Why don’t we use “beautiful” to compliment a man?

Gabi Bouvier explores how gendered words associated with attractiveness can be, and discusses our desperation to stick to these binaries when we describe someone who fits the social standard of 'beauty.'

When is it appropriate to use “beautiful”? How about “handsome”? How is it that words so often used for complimenting one population be perceived as a possible insult for another?

A quick google search reveals, unsurprisingly, that the term “beauty” most often references the physical. A combination of physical qualities especially pleasing to see. Attractive features of something or someone. From there, “beauty” is most commonly associated with women. As a noun or adjective, it brings to mind a woman’s physical appearance, or beauty products. As common as it is for a woman, it is equally taboo to use for those of the male gender, unless the aim is to suggest a “feminine” quality.

For men, we have an entirely different word: “handsome.” Just as we avoid describing a man as “beautiful,” to call a woman “handsome” could be perceived as an insult. Yet, although “beautiful” and “handsome” are not perfect synonyms, they both indicate the aesthetically pleasing features of a person. In fact, some dictionaries go so far to define “handsome” as good-looking, in reference to men specifically.

Here is another interesting occurrence: we use “beautiful” to describe women... and things. “Handsome” is rarely used to describe that which is not alive, or male. Think of the few times you would use “handsome” to describe a thing. There is still a certain masculine quality given to that object; the counter-part that does not exist for a beautiful thing. How disheartening, and rather insulting it is, to realize that a compliment so commonly used for women, is readily attributed to things. It isn’t something you might necessarily notice, or even care about, until you compare the use of “beautiful” and “handsome” for people and things. Are the physical features of women so easily interchangeable with the features of a “beautiful house?” A “beautiful car?” Or a “beautiful sunset?” Most likely not. Physical properties are not shared amongst these examples. However, the sense of appreciation our perception of them apparently warrants the same word.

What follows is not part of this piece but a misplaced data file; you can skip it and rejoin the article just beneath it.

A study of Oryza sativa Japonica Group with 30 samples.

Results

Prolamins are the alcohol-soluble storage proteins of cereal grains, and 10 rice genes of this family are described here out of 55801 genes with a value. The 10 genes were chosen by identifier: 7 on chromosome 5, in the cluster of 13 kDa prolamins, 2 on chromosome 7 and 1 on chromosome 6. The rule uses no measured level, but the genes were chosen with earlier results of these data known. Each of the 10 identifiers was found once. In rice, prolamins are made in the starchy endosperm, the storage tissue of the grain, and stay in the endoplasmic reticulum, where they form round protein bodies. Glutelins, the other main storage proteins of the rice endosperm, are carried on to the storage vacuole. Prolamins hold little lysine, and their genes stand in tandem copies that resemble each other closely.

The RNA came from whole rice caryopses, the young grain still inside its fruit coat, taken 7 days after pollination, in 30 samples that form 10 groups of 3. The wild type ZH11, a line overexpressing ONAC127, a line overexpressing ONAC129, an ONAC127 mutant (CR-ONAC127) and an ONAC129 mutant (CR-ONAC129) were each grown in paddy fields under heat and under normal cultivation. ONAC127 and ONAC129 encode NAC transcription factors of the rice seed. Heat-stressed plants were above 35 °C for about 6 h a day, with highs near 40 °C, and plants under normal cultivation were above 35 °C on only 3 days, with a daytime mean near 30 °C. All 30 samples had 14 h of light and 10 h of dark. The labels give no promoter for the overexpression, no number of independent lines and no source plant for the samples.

What about every other point on the gender spectrum? Or those who are transgender? Or gender nonconforming? The english language certainly gives us plenty of words with which to compliment, but it seems unfair that regardless of one’s gender identity, the two most commonly used words for complimenting physical appearance prescribe the person in question to one of two gender categories.

Is it thus necessary to reduce our use of “beautiful” and “handsome?” Or important that we strive to use them interchangeably? Both of these seem extreme, and I certainly do not have the answer. At best, I can acknowledge the probem I have noticed, and hope that there is a solution that does not exclude any population from using certain words.